Riding the Thin Line Between Helping and Enabling Behavior
There are many times the help that those addicted to drugs or alcohol receive from family actually does more damage than good. Family and loved ones of the addicted must understand the difference in helping and enabling so that they do not engage in perpetuating the cycle of addiction. Family members must understand proper ways to help their loved ones without performing enabling behavior. The Discovery Institute provides family counseling sessions for families and loved ones of patients in addiction treatment so that they understand the difference between helping and enabling the individual addicted in their life.
What is Enabling?
Enabling is when someone provides a means for an addicted individual to continue their habit of drug abuse. Enabling can come in many forms. Some different forms of enabling can include:
- Providing financial aid for an addicted individual even if they say it is not for drugs.
- Ignoring their drug use even if they had said they would quit.
- Providing assistance with an addicted individual’s personal responsibilities.
- Paying for an addicted individual’s bail when they get arrested.
- Making excuses for an addicted individual’s words or actions.
- Calling into an addicted individual’s place of work so they do not have to attend.
Although in the moment, it may seem like these things will help an addicted loved one. Where would they sleep if I don’t give them a place to go? How would they pay for food if I did not give them money? These thoughts may be running through your mind, but they indeed perpetuate the cycle of addiction in your loved one’s life. The truth is that your loved one will never turn to help for their addiction until it is the last option on their list. If you keep giving them a reason to use, they will take that reason and run with it each and every time.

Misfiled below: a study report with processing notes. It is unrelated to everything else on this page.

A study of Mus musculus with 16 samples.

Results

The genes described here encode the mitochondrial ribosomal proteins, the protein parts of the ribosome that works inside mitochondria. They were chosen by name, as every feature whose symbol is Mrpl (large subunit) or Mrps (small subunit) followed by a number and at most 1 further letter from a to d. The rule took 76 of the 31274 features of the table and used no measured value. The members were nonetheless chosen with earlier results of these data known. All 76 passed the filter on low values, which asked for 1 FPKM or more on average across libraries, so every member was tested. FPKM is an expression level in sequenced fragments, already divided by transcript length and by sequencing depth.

How Can I Stop Enabling Behavior?
Of course, there are situations in which you must help your loved one for the sake of their own health and safety. That is where the thin line of helping and enabling comes to play. You must use your own discretion when deciding which decisions you make and how they will affect your loved one in the short or long-term. Always remember that if they are not open to getting treatment, they will not decide to unless they hit rock bottom. Small things you can do to change your enabling behavior are to not pick up after your loved one, go through with plans even if your loved one bails, and not allow your loved one to place you in dangerous situations at any cost. If you follow through with your plans to not enable the addict that you love, they will be more likely to identify the consequences of their addictive behavior and seek help for himself or herself. After all, no one can decide to go to treatment except the person who needs it.